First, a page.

What your restaurant server won’t tell you about your receipt


Nowadays, the tab often comes with all kinds of store serial numbers, the server’s name and even the tip suggestions at the bottom of them. It’s that latter item that holds a bit of mystery for U.S. diners.

The truth about those suggested tipping amounts on your receipt

Now it must be said that American waiters and waitresses are drastically underpaid, with many of them making a little more than $2 an hour no matter how big the party, difficult the patron or hot the plate. That’s why it’s always good to tip handsomely in appreciation for good service.

The rationale goes that those tip suggestions at the bottom of the receipt are merely guidelines to help the math-deficient among us give an amount somewhere in the ballpark of polite standards.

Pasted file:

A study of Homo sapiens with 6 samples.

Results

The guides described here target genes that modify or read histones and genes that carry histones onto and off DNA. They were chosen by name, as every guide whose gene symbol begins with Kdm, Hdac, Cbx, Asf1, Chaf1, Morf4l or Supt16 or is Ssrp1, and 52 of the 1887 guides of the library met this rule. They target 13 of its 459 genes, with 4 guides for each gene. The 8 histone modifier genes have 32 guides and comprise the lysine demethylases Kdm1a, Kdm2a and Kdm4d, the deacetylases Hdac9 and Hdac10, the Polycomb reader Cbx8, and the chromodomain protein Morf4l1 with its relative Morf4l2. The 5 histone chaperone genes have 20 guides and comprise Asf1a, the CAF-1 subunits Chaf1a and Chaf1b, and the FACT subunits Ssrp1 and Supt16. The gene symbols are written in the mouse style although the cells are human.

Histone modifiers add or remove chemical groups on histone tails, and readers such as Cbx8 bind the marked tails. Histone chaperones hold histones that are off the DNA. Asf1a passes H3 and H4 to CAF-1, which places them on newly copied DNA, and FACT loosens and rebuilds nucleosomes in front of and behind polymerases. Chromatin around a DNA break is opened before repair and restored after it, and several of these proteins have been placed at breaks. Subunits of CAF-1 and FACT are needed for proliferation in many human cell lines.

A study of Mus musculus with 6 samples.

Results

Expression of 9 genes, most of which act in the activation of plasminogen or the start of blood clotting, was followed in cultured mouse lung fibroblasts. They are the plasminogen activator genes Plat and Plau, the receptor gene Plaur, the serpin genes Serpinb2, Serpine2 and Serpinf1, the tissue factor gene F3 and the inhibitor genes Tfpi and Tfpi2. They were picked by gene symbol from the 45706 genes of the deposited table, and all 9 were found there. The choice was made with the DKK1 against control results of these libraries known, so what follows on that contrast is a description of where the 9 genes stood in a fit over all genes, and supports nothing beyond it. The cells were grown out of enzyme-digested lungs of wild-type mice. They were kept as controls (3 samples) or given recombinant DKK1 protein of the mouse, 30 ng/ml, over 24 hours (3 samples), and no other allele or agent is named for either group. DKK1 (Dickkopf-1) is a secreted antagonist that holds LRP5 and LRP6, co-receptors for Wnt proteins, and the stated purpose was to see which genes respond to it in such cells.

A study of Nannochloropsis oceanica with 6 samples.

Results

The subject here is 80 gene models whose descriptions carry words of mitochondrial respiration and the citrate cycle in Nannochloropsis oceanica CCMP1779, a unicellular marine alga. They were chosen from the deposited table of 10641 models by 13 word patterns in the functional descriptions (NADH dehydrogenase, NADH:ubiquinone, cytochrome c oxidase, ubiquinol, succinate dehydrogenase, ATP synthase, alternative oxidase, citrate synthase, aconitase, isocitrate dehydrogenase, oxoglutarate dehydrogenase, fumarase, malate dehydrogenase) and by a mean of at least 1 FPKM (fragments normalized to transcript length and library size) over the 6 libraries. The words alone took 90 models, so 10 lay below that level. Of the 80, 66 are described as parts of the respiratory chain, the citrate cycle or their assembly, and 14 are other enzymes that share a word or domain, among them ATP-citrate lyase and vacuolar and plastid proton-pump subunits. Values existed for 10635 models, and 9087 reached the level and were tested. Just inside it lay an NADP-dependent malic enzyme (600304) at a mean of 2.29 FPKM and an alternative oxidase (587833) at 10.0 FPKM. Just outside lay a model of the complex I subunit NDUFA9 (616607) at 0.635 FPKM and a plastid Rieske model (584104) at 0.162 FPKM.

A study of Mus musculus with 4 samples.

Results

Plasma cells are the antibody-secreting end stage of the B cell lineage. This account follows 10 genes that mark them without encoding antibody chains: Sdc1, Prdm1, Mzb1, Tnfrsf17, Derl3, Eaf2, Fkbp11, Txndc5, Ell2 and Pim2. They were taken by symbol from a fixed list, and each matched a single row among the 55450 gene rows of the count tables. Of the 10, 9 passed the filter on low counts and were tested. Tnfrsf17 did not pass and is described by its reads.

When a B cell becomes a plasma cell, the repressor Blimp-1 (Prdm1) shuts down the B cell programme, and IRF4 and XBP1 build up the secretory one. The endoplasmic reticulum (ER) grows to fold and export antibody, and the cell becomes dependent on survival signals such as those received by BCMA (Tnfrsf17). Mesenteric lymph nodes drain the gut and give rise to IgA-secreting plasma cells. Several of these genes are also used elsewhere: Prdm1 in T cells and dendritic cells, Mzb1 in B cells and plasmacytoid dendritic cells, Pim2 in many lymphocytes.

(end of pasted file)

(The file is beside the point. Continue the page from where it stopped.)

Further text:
But the problem with those figures is that those suggested tip amounts are calculated with tax included. That means instead of paying for just the meal, you’re actually being asked to pay for the taxes associated with each amount.

Furthermore, as our picture clearly shows, instead of itemizing the tipping suggestions in a rationally systematic order (greatest to least or vice versa) many restaurants have resorted to putting a larger figure — in this case 18% — first, which coincidentally could lead a customer to believe that the other numbers are higher.

Clark.com reader Dave made this observation: “I’ve noticed at many restaurants that if you split the bill with friends and each get a receipt, the suggested tip is still based on the total— not just your part. This leads many people to tip for the whole table.”

Here’s Clark’s motto when it comes to restaurant tipping

Money expert Clark Howard makes a concerted effort to always over-tip his waiter or waitress regardless of the quality of service. His rationale is that they’re underpaid, and we wholeheartedly agree.

For emphasis, servers need to be paid more. At the same time, the restaurant industry’s tactics may cause patrons to scrutinize not only their food tabs, but the help. And that may not be helpful.

What are your thoughts? Let us know in the comments below or on Clark’s Twitter or Facebook.